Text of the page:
Rescue Squad In Danger
“We are dying,” she said. “We need help.”
The closing has resulted in city residents having to be transported to out-of-town hospitals, tying up the squad’s ambulance and causing “stacking” of response to emergency calls, she said.
“We feel we are not providing appropriate service to patients,” Pernell said.
Although conditions put on the closing by state Health Commissioner Heather Howard included provision of another ambulance, so far nothing has happened, Pernell said.
The city is also trying to get Muhlenberg’s parent company, Solaris Health Systems, to provide an ambulance, officials said Monday, but Corporation Counsel Dan Williamson said “Quite frankly, we haven’t got a lot of cooperation from Solaris lately.”
The squad answers about 6,000 calls a year, but Pernell said some of them are affected by the same problem that plagued Muhlenberg, people unable to pay for services. The squad has a flat rate of $650 per ambulance trip, but Medicare only pays $58 per patient, she said. Another issue is response to intoxicated individuals who can’t pay and who are rejected by some neighboring towns’ mutual aid agreements.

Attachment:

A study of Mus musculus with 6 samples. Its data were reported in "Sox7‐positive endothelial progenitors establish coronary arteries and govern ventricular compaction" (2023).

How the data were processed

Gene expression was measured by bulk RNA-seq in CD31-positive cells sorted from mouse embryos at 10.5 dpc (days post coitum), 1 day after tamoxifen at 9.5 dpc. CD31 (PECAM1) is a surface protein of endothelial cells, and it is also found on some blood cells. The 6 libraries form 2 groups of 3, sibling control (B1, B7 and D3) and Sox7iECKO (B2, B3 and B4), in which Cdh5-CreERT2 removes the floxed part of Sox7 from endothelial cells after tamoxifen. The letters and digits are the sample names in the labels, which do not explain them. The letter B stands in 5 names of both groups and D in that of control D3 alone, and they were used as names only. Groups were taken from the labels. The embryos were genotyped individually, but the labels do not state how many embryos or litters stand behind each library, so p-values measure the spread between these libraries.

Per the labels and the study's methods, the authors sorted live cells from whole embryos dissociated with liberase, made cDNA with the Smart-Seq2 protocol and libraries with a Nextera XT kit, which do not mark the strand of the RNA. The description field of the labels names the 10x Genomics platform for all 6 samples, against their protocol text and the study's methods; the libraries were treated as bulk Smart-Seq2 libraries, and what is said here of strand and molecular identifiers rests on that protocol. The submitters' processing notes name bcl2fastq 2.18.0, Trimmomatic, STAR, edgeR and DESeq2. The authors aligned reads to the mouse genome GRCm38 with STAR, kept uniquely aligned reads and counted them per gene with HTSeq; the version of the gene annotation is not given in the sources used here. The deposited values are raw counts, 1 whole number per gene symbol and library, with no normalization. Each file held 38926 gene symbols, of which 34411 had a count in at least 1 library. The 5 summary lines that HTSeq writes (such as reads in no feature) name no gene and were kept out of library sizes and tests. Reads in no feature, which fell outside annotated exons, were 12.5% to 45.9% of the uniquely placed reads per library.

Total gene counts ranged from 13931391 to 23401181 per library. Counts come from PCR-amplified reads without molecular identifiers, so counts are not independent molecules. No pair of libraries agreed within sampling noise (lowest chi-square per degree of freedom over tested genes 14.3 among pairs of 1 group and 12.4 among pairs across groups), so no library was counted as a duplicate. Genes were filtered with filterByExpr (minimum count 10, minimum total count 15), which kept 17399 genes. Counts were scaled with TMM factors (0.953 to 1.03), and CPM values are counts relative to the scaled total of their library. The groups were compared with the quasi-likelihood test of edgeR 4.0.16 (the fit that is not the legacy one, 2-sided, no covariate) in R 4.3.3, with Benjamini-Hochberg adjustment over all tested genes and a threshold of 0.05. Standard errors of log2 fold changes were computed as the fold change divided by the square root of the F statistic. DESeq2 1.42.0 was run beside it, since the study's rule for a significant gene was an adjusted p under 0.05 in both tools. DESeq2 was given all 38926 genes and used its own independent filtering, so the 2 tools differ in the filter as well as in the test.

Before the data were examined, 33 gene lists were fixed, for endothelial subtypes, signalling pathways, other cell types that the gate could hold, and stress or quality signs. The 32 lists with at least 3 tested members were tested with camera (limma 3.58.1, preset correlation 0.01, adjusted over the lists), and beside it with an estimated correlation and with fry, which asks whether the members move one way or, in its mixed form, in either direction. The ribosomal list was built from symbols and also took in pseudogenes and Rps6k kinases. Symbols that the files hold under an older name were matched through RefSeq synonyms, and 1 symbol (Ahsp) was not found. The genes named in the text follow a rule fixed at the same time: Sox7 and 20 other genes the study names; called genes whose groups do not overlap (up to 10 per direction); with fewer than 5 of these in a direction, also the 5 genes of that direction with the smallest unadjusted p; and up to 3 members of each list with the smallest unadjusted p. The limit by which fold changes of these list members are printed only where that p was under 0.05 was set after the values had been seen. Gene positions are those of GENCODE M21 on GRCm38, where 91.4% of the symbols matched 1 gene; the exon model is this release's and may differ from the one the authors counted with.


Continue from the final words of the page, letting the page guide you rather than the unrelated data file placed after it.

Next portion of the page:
The city formerly provided gasoline for the squad’s ambulances as well as an annual donation, but stopped after the squad began billing patients. Currently the squad is half paid and half volunteer, Pernell said, suggesting the city could help out with fuel costs, grant-writing and a direct contribution ranging from $50,000 to $100,000.
Council members acknowledged hearing about the problems caused by Muhlenberg’s closing, but called for more documentation and statistics on the effect on patients in order to bolster the case for city or state assistance. Councilwoman Annie McWilliams noted it has been six months since Howard approved the closing and said she wants to know which conditions have been met and which have not been met.
The council will take up the questions at its next executive session, City Council President Rashid Burney said.